Considering a career in electrical engineering?
We spoke with Montana Dawson about what it takes to enter the field and her role as a Graduate Electrical Engineer at Stanwell.
In her role, she’s responsible for designing and fixing issues with electrical equipment, and managing projects to ensure work is completed correctly, on time, and on budget.
“This could be reviewing or creating drawings, assessing manuals and datasheets to understand how something works, writing project scopes and risk assessments, inspecting equipment out in the field, or working with electricians,” said Montana.
“I can wear many hats, from being a designer, or a project manager, to working with finances or being an event organizer. Sometimes it can be a lot to familiarize yourself with – but you learn so much.”
How she came to join Stanwell
After completing high school, she jumped straight into her degree, which included a compulsory year of placement.
“I commenced my first co-op placement towards the end of 2019. I moved to Tannum Sands to work at an aluminium smelter, operated by Rio Tinto. After working in this role for a little over a year, I entered the Powerlink Queensland Vacation Program and moved to Brisbane.”
Montana began her second placement at Stanwell Power Station near Rockhampton last year and moved into her graduate role with the company at the start of this year.
“Our power stations are amongst the newest and most efficient in Australia. Stanwell is also working proactively towards a green future by investing in renewable projects.”
However, it may surprise people to learn…
“The degree required for this role doesn’t directly transfer over to you practicing as an engineer. In working on an industrial site, you need many skills, both academic and practical.”
Montana knew she’d made the right decision from her first interview with her site supervisor.
“As soon as we stepped onsite, he explained the plant items we’d see. I have a passion for learning and to have him educate me right off the bat made me so excited for the potential opportunity to work at Stanwell.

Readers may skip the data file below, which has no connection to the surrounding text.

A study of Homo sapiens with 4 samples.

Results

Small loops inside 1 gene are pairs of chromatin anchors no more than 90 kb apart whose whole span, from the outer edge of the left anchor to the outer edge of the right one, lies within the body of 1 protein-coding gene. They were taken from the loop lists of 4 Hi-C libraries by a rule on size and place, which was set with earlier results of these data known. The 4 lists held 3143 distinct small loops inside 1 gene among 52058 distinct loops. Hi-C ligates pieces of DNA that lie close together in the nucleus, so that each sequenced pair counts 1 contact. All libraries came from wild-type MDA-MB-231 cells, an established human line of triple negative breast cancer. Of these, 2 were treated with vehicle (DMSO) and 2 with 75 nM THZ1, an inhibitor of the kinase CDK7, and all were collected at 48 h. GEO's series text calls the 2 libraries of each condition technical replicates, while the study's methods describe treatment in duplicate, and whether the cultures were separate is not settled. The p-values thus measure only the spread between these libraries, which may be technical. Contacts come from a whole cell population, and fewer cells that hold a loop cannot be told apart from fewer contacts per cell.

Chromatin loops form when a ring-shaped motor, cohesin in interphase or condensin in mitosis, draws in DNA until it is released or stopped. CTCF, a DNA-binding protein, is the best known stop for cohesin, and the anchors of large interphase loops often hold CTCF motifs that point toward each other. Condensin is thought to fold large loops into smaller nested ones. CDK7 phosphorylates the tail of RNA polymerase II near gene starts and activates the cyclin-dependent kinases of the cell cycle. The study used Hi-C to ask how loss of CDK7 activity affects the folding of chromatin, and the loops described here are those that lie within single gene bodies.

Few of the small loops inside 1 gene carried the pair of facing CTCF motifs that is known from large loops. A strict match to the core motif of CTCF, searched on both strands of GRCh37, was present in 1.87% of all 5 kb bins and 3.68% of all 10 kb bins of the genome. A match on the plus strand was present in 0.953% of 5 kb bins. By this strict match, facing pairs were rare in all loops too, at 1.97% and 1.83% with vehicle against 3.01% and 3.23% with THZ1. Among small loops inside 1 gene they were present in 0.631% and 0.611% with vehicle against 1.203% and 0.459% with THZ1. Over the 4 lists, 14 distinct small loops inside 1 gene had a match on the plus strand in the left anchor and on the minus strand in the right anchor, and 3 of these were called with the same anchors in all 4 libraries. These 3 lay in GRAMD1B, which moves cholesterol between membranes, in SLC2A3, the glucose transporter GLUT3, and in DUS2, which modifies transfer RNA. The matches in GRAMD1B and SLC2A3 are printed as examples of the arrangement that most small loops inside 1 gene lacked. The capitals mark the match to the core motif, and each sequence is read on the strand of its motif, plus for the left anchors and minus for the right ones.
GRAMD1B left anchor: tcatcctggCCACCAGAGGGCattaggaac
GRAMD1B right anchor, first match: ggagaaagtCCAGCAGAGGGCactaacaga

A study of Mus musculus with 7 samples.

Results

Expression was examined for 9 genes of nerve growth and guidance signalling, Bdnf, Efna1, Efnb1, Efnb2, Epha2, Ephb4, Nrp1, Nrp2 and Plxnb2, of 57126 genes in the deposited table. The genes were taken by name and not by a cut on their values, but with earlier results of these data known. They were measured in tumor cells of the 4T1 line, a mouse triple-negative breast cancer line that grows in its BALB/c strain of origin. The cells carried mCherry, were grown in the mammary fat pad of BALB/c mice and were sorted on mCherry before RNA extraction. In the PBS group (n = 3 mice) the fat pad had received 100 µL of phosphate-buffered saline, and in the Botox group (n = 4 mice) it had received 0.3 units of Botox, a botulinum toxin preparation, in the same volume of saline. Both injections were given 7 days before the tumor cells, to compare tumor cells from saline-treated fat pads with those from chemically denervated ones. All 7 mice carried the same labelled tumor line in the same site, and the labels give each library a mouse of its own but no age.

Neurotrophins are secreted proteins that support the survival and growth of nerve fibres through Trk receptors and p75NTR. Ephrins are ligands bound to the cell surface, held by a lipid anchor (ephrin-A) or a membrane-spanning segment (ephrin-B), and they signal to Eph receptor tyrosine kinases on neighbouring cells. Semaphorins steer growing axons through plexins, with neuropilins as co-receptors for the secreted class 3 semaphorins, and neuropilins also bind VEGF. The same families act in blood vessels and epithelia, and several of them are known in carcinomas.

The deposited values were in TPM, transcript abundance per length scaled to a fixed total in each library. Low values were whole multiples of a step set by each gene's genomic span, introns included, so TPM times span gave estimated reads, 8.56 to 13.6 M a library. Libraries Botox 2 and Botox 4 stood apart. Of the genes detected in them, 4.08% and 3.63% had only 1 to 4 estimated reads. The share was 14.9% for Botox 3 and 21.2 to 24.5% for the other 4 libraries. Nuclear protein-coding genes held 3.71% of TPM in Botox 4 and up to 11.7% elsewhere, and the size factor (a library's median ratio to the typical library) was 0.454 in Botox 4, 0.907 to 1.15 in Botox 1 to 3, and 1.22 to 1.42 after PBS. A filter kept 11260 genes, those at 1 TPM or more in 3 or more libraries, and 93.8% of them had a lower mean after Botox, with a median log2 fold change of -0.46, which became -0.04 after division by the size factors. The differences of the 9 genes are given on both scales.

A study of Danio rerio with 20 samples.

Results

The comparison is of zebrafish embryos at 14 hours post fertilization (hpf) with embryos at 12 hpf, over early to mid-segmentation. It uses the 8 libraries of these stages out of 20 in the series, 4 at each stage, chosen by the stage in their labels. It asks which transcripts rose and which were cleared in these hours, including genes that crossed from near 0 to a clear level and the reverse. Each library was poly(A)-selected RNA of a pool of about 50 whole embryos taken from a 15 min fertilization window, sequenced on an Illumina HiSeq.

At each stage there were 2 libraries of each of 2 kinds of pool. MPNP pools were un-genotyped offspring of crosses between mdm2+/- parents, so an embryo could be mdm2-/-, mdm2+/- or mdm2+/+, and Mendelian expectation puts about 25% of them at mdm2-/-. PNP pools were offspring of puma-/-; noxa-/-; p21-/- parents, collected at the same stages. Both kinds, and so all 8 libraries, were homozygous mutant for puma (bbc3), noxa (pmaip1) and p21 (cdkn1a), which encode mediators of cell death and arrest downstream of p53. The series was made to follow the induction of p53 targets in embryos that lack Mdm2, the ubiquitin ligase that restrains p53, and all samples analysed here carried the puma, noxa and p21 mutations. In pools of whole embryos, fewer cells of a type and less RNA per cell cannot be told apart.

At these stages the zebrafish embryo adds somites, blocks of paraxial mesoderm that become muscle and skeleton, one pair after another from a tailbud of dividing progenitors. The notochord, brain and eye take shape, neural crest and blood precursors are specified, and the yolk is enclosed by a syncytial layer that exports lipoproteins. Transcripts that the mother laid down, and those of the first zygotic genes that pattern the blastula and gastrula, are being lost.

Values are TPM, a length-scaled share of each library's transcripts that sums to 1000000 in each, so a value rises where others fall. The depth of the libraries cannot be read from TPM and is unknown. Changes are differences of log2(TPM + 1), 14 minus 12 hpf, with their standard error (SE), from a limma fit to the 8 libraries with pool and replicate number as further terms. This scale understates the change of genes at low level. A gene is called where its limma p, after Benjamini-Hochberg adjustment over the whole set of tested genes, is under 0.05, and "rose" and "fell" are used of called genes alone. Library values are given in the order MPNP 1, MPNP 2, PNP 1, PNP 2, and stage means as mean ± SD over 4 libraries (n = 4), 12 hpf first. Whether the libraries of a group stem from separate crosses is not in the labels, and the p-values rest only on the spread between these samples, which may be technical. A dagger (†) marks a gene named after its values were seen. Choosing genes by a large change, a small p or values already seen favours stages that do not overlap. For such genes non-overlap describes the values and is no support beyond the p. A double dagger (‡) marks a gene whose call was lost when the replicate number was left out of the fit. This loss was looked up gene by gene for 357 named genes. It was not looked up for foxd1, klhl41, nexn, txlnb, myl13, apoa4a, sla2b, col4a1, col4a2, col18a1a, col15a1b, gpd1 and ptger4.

“It’s worth noting too that I feel encouraged that Stanwell has a genuine commitment to diversity, equity, and inclusion.”
Stanwell has a wide range of employee-led diversity groups, employee support programs, and more.
Find out how else Stanwell support their employees.
What does the average day look like
“I rise early at 5:30am to get to the power station at 7:00am as it is a 30-minute drive from home. Every morning I attend the Engineering Team’s pre-start meeting where we discuss how the plant operated overnight and any general business planned for the day ahead.
“I will then work through my tasks which change from day-to-day. It could consist of amending drawings, writing design notes, project managing, reading manuals and datasheets, performing calculations, or inspecting equipment.”
“I mainly work with the engineers and electricians in my team to facilitate this work. I then finish my day at 4:30pm and hit the gym or take a walk to the park with the dogs and then come home to do life stuff like cook dinner and spend time with my partner.”
Why Stanwell is the best place to spend her days?
Montana is pleased to have received so many learning opportunities in the business – in particular, how to effectively communicate with a wide variety of individuals to achieve the best outcomes.
“My role has an impact because of the support I give to my immediate team of electrical engineers, and the electricians to solve problems. I work with so many smart, supportive, and encouraging team members. They provide knowledge, advice, and work with me all throughout the power plant.”
In fact, there are plenty of informal and formal training opportunities.
“Stanwell has enabled me to undertake any development opportunity I have shown interest in and recommended plenty for me too. I’ve been to conferences and factory tours and gained amazing exposure.”
The best days for Montana are when she is fault finding a plant issue.
“If something has broken down and I’m able to contribute to a solution to bring that plant item back online, I feel very accomplished.”
Overall, Montana is pleased to have so much progress in her full-time role, while completing her studies. She’s just finished her degree with first-class honours!
“I’ve wanted to be an engineer since I was a teenager, so I’m proud to have finally made it into my dream career. Enthusiasm and eagerness pay off! For other graduates, I recommend taking on whatever work placement opportunities you can grab during university. It provides context to the content you’re learning and helps you discover your preferred niche within the many disciplines there are to choose from!”